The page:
Trading with Tether’s USDT stablecoin has fallen to multi-year lows, making the token’s rise to near all-time highs in market capitalization “questionable,” crypto market research firm Kaiko said in a Monday report.
As stablecoins’ primary use is for trading, USDT’s recent increased supply to $83 billion while the token’s use falls, “seems inordinate,” according to Kaiko.
Dollar-pegged stablecoins, with a combined market capitalization of $129 billion, have become the backbone of the digital asset ecosystem, bridging traditional currencies with crypto and facilitating cryptocurrency trading. USDT, issued by Tether, is the most widely used stablecoin measured by market cap and trading volume.
USDT has climbed this year to near its all-time high market cap in May 2022 of $83.4 billion. The rise has mainly stemmed from bank failures and a U.S. regulatory crackdown hitting rival stablecoins, including Circle’s USDC and Paxos’ BUSD.
The token’s trading volume, however, has sharply declined recently due to a combination of lackluster crypto trading during a crypto bear market and Binance, the world’s largest exchange, reintroducing trading fees for USDT asset pairs. This weekend, USDT’s daily trading volume fell below $10 billion for the first time since March 2019, according to data by analytics firm CoinGecko.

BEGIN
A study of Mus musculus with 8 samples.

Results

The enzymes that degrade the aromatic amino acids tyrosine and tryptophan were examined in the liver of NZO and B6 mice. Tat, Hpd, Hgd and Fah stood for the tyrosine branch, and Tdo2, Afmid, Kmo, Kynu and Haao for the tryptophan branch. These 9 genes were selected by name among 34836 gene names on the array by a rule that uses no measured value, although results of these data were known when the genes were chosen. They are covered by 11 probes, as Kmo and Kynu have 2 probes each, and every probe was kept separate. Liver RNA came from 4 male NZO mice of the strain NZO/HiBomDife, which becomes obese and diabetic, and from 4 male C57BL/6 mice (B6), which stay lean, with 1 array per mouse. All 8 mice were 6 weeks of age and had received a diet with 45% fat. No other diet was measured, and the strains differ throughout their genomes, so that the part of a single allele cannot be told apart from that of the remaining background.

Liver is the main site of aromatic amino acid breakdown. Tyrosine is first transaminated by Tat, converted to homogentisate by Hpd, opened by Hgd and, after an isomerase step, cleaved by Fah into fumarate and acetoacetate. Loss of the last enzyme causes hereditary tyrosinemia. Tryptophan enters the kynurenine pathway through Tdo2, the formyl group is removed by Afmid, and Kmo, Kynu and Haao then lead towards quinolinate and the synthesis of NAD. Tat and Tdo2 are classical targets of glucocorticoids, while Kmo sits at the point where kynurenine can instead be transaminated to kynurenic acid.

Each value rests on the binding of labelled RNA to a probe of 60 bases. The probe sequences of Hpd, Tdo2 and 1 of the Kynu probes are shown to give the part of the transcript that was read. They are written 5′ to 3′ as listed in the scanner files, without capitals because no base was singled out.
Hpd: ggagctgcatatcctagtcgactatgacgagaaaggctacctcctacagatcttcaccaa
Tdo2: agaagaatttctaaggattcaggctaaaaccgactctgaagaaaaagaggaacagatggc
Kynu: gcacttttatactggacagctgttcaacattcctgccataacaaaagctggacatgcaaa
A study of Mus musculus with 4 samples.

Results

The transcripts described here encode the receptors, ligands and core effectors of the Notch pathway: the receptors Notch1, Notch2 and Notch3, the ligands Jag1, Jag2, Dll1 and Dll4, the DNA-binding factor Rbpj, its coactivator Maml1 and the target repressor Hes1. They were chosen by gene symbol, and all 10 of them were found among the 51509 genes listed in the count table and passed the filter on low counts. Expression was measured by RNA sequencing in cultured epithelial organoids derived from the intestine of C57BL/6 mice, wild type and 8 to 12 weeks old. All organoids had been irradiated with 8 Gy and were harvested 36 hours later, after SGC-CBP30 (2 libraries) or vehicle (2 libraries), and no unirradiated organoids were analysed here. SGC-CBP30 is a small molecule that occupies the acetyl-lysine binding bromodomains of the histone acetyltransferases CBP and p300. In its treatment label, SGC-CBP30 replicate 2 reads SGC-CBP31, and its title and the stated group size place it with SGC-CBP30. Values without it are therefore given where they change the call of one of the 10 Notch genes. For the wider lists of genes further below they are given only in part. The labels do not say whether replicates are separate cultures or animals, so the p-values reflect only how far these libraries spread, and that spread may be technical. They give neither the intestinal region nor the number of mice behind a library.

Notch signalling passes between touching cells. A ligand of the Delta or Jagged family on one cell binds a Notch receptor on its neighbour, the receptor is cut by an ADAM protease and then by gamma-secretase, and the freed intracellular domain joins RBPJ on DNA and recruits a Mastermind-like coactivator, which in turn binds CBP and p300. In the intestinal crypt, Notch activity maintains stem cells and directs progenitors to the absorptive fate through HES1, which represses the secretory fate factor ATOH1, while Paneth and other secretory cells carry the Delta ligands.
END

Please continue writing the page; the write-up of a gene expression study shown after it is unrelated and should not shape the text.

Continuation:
The crypto industry has been scrutinizing Tether for years about what assets back the value of USDT and the lack of audits. At the end of March, Tether held roughly $82 billion of assets including U.S. treasury bonds, gold and bitcoin for $79 billion of stablecoins, according to the reserves report signed by BDO Italy.
As trading volumes are falling, and assuming that trading is the dominant use case for stablecoins, a respective decline in market capitalization would be anticipated, according to Clara Medalie, Kaiko’s research director. USDC and BUSD stablecoins’ market caps have shrunk in tandem with trading volumes. “But we are not seeing this trend for Tether,” Medalie said.
One possible explanation for USDT’s trend-defying growth is the rotation to off-shore exchanges from regulated ones as U.S. regulators are increasingly separating crypto from the traditional financial system. “Traders that normally used U.S. dollars no longer have this as an option, thus are turning to Tether,” Medalie said.
Another explanation might involve the Tron blockchain and its lower fees compared to Ethereum. The majority of USDT tokens are issued on the crypto billionaire Justin Sun-founded network, with Binance owning the largest USDT addresses on Tron. “There could be a relationship between Tron, Tether, and Binance, perhaps with market makers opting to use the network due to its low fees, and supplying liquidity to Binance with USDT,” Medalie added.
Tether had not returned a CoinDesk request for comment by the time of publication.